Landmark commission OKs rooftop deck in historic district
The Historic Landmark Commission has approved a renovation plan in the Smoot/Terrace Park Historic District that includes a rooftop deck, possibly setting a precedent for such decks going forward.
Neighbors had objected to plans that would add a rear second floor and a detached carport at 602 Highland Ave., saying it would disrupt the structure’s historic integrity. While the commission approved the proposal in a 7-3 vote at the Oct. 26 meeting, Commission Chair Terri Myers and Commissioner Blake Tollett objected to the rooftop deck included in the renovation plan.
Commissioner Kevin Koch said he didn’t think the Historic Landmark Commission could reject rooftop decks since they were not mentioned in the design standards and the deck was not visible from the street.
As a “contributing structure” to the historic district, the house must comply with certain design standards. However, neighbor Maureen Metteauer told the commission that the addition “overpowers the original house.”
Metteauer and other neighbors argued that the proposed construction plans for a new second floor would essentially become a third floor because of ongoing construction of a basement that shares the same footprint as the house above.
Another neighbor, Sheila Lyon, said that because Highland Avenue slopes, the proposed addition “seems highly prominent and intrusive at different angles.”
The property owners, Eleni Martinez and her husband, proposed the plan to allow for more space to start a family as well as accommodate working from home, as the couple had turned their spare room into a work office.
Martinez said they had taken neighbors’ and an architect’s recommendations into account and restructured their proposal around the recommendations.
“We have worked diligently with our architect, Becky, and the city to make sure this second floor will flow and really blend beautifully into our home and the neighborhood charm,” Martinez said. “We’ve been really transparent with our next-door neighbor and neighborhood association.”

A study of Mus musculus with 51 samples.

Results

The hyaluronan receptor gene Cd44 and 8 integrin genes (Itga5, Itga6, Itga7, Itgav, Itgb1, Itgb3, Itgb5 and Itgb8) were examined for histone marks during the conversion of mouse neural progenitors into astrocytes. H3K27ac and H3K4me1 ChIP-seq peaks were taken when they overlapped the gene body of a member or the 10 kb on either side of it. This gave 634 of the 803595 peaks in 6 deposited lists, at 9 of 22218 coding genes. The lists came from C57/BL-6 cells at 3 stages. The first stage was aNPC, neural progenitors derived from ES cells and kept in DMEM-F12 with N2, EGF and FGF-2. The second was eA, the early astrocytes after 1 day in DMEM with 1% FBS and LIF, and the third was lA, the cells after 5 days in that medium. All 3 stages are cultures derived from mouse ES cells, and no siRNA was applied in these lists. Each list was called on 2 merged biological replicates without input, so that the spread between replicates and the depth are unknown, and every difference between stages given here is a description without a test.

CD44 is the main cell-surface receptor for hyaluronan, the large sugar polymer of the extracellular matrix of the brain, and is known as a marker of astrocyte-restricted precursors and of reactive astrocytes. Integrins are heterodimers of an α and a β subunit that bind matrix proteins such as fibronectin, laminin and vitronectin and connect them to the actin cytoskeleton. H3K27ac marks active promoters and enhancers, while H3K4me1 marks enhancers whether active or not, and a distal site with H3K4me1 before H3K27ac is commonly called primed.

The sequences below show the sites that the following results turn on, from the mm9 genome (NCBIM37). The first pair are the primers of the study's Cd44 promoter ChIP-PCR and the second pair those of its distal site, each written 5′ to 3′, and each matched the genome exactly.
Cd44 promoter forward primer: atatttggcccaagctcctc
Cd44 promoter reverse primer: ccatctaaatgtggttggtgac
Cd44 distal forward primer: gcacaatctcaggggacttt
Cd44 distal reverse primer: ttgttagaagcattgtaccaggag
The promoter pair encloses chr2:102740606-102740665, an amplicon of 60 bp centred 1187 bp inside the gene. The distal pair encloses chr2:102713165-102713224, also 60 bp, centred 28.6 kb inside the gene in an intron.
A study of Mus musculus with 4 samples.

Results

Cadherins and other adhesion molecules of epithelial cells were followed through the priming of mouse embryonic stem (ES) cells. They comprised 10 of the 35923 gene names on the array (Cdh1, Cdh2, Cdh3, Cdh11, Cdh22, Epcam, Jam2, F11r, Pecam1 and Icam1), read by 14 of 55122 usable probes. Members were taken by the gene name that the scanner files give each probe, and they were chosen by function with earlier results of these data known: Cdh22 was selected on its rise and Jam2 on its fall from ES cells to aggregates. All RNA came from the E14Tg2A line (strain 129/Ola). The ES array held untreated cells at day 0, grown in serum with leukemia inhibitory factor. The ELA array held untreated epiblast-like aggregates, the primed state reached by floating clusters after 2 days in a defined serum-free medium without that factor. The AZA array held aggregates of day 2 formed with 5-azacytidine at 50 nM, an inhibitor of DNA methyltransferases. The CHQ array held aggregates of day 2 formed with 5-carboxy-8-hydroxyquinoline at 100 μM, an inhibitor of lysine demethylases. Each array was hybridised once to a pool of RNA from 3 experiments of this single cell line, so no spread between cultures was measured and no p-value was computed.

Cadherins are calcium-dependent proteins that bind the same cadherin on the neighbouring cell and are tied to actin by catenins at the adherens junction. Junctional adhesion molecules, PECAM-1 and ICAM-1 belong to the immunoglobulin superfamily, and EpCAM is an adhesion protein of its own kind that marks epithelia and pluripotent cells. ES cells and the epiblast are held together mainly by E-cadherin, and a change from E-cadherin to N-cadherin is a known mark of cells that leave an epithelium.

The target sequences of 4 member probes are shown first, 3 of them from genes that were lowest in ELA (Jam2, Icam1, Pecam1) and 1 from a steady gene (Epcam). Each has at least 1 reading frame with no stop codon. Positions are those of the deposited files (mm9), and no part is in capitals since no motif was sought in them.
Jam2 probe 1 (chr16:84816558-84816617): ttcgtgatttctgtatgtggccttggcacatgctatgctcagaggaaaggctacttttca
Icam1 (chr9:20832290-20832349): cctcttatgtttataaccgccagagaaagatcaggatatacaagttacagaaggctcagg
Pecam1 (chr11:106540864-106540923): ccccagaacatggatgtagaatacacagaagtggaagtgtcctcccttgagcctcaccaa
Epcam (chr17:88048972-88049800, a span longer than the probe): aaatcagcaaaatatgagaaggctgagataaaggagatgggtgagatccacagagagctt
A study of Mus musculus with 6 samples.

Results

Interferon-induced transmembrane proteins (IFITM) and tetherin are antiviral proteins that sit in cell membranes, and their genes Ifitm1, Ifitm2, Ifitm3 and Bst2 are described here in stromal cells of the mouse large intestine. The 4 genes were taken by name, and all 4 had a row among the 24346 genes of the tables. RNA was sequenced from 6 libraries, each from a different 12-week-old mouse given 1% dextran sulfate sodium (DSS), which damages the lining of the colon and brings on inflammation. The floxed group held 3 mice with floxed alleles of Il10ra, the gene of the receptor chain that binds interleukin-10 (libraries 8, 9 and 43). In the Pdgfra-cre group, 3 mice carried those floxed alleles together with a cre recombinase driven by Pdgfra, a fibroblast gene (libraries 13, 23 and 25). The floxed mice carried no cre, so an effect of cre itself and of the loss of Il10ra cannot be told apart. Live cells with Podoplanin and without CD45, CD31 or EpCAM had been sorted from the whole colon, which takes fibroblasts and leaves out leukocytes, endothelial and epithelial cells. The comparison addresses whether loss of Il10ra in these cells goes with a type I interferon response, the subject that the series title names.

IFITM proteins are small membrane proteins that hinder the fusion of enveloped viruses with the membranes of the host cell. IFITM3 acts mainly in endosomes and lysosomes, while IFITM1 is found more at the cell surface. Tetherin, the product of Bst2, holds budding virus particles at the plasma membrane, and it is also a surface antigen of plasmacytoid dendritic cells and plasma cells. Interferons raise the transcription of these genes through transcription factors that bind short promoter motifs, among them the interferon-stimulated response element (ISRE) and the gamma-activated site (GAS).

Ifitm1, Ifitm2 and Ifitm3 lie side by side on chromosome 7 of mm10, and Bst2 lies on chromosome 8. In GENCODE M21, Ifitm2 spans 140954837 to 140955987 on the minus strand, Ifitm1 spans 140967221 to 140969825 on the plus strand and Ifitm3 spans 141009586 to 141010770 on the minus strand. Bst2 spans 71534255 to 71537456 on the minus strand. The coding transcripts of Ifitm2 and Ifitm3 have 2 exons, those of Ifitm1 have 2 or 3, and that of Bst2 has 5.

The proposal had previously received feedback from the Certificate of Appropriateness Review Committee, the Architectural Review Committee and the Historic Landmark Commission at its meeting in September.
Historic Preservation Officer Steve Sadowsky said while the applicant had complied with the recommendations of the commission and the committee to pull back the addition and rooftop deck, city staffers still had some concerns about the carport’s proposed location.
“(Staff) recommends that the carport be pulled back and refer to the Architectural Review Committee before final approval,” Sadowsky said. “Staff would also like to see if there’s any possibility of moving the location of the rooftop deck so that it’s not on the front of the house.”
“If there is no precedent for a rooftop deck, I don’t want to establish one,” Tollett said.
Myers, Tollett and Commissioner Ben Heimsath voted against the proposal. Commissioner Alexander Papavasiliou was absent.
“(Rooftop decks) are now a precedent in the Smoot/Terrace Historic District,” Myers said of the motion passing.
This story was written by a journalism student at the University of Texas at Austin. The Austin Monitor is working in partnership with the UT School of Journalism to teach and publish stories produced by students in the City and County Government Reporting course.
Historic Landmark Commission: The city’s Historic Landmark Commission promotes historic preservation of buildings and structures. The commission also reviews applications and permits for historic zoning and historic grants.
local historic district: Geographic areas with a significant concentration of buildings united by their history and architecture.